He's a college student, political novice and Republican who says his frustration with an elected representative led him to run for office. She's a longtime Democratic legislator from Lutz who has been a key player on transportation financing and environmental issues and wants to continue the job for a fifth term.
In November, they square off for the District 60 seat in the Florida House of Representatives.
Incumbent state Rep. Mary Figg, 56, has won praise for her role in helping craft and guide a transportation plan that will nearly double the state transportation budget over five years. She hopes to spend the next two years overseeing the implementation of that plan, as well as concentrating on environmental and social issues.
Enter Todd Stevens, a 24-year-old University of South Florida (USF) student and owner of a small property management company. When his wife, a hospital nurse, came in contact with a patient she didn't know had AIDS, he says he went to Figg to ask for a measure to allow doctors to test patients they suspect of having the virus.
Stevens says Figg's office brushed him off on the issue. Figg says she told him, through a staff member, that such a measure would be a violation of privacy rights, as well as an additional cost to an overburdened health-care system.
"We thought we had someone who understood," Figg said. "But he got angry and filed to run, which is what democracy is all about."
"I think she's out of touch," Stevens countered. "That's a heavy criticism, and that's why I chose to run."
They are running decidedly different campaigns. Stevens, who has raised $2,466 from family and friends, has limited his campaign to taking his brown pickup on the road, knocking on doors and leaving behind fliers outlining his platform.
"(Gov.) Bob Martinez has my vote and my support, but I've learned something from Lawton Chiles," said Stevens, who wears jeans, sneakers and a plaid shirt for the neighborhood campaigning.
Figg, who also is doing her share of precinct-walking and door-knocking, has raised $85,943. Civic activists from Seffner to Lutz sport her buttons. Her strategies have included bold green fliers that read "Mary Figg has clout," lawn signs, a billboard on Fowler Avenue and a recent wine-and-cheese political rally at the Museum of Science and Industry. The event attracted such local notables as USF President Francis Borkowski.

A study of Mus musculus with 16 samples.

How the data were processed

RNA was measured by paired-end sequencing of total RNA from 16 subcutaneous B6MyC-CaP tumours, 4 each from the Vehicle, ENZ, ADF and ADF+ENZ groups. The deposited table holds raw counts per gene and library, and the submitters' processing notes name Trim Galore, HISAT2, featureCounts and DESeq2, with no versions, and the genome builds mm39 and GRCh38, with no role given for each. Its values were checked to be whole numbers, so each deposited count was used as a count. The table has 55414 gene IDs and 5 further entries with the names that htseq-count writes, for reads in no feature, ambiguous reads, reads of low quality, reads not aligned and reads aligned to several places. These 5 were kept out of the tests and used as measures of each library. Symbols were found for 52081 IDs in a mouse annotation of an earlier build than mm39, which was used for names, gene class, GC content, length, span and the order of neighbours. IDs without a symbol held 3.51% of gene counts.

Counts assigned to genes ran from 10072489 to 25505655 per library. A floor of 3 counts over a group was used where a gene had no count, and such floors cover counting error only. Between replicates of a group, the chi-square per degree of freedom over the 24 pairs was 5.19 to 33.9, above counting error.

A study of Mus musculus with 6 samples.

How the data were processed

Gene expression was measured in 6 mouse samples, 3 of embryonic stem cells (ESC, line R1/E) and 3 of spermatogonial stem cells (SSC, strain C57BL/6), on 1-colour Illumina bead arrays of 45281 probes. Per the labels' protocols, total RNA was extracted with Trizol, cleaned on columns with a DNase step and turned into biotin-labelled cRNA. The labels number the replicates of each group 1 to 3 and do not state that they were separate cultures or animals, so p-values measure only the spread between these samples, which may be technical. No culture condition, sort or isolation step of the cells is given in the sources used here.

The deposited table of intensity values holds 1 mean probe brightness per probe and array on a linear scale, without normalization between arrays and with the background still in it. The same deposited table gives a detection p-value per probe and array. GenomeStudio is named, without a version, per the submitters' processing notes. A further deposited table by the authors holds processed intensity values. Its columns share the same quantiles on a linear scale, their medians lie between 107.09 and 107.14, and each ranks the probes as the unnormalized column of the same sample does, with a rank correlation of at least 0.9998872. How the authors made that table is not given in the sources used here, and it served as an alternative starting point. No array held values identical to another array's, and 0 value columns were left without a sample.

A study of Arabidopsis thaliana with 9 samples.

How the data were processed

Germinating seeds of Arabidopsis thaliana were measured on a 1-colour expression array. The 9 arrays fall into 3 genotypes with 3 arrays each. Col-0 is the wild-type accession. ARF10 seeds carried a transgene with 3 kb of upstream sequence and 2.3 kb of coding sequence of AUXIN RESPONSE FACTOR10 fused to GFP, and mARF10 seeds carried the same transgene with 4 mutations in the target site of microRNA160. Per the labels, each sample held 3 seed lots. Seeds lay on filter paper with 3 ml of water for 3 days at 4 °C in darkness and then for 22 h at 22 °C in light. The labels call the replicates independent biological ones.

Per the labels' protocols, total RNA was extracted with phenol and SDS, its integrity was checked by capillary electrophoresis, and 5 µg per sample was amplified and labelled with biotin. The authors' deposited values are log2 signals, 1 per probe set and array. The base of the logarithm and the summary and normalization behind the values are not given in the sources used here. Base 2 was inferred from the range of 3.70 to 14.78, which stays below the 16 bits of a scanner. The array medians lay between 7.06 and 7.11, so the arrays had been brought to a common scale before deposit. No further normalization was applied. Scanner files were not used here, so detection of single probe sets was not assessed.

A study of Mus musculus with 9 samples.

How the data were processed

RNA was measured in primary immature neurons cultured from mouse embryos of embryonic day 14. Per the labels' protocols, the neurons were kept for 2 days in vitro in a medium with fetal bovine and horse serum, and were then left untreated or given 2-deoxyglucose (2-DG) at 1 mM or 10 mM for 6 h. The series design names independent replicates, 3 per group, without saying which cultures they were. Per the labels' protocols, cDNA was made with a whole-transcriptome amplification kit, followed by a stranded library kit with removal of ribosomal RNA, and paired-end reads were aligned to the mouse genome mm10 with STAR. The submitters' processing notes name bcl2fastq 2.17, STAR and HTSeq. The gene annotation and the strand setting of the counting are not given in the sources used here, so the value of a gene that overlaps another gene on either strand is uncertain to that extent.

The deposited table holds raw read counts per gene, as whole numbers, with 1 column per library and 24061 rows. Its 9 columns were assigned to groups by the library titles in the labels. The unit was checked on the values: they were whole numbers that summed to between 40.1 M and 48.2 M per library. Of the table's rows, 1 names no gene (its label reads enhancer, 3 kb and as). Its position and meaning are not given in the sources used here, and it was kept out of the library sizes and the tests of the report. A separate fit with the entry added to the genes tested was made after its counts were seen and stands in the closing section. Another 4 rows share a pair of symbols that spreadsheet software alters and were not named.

Some say Figg, who helped pass a bill outlawing dumping of untreated sewage into Tampa Bay and has worked for support of domestic violence victims and infant mortality, will prove a tough incumbent to beat.
"I think she has the state of Florida at heart," said Cam Oberting, a civic activist from Seffner. "She's compassionate. Mary has always responded to us."
But Stevens supporters insist he has an advantage.
"I find Todd to be an honest guy," said David Young, a friend and supporter.
If elected, Stevens said he would push for the AIDS-testing measure, as well as increased drug testing, improvement on existing roads rather than new toll roads and ethics reforms that would make accepting special-interest gifts a felony.
Figg would concentrate on financing for education, a water re-use policy, budget reform and overseeing the implementation of the transportation package.
Although both candidates have emphasized the issues, the campaign has not been without its odd happenings.
Stevens reported that his name had been left on a computer bulletin board as part of a gay dating service.
"One thing I never thought was that my _ how do I put it _ chivalry would be in question," Stevens said.
Then, several people in the district reported that they got anonymous telephone calls describing the name Figg as "a four letter word that begins with F" and telling them not to "be Figged again."
Both candidates deny involvement in the incidents, and both seem to have taken them in stride.
"Things like that tend to happen in campaigns," Stevens said.
"It's the silly season," Figg said. "From the time we qualify, anything can happen."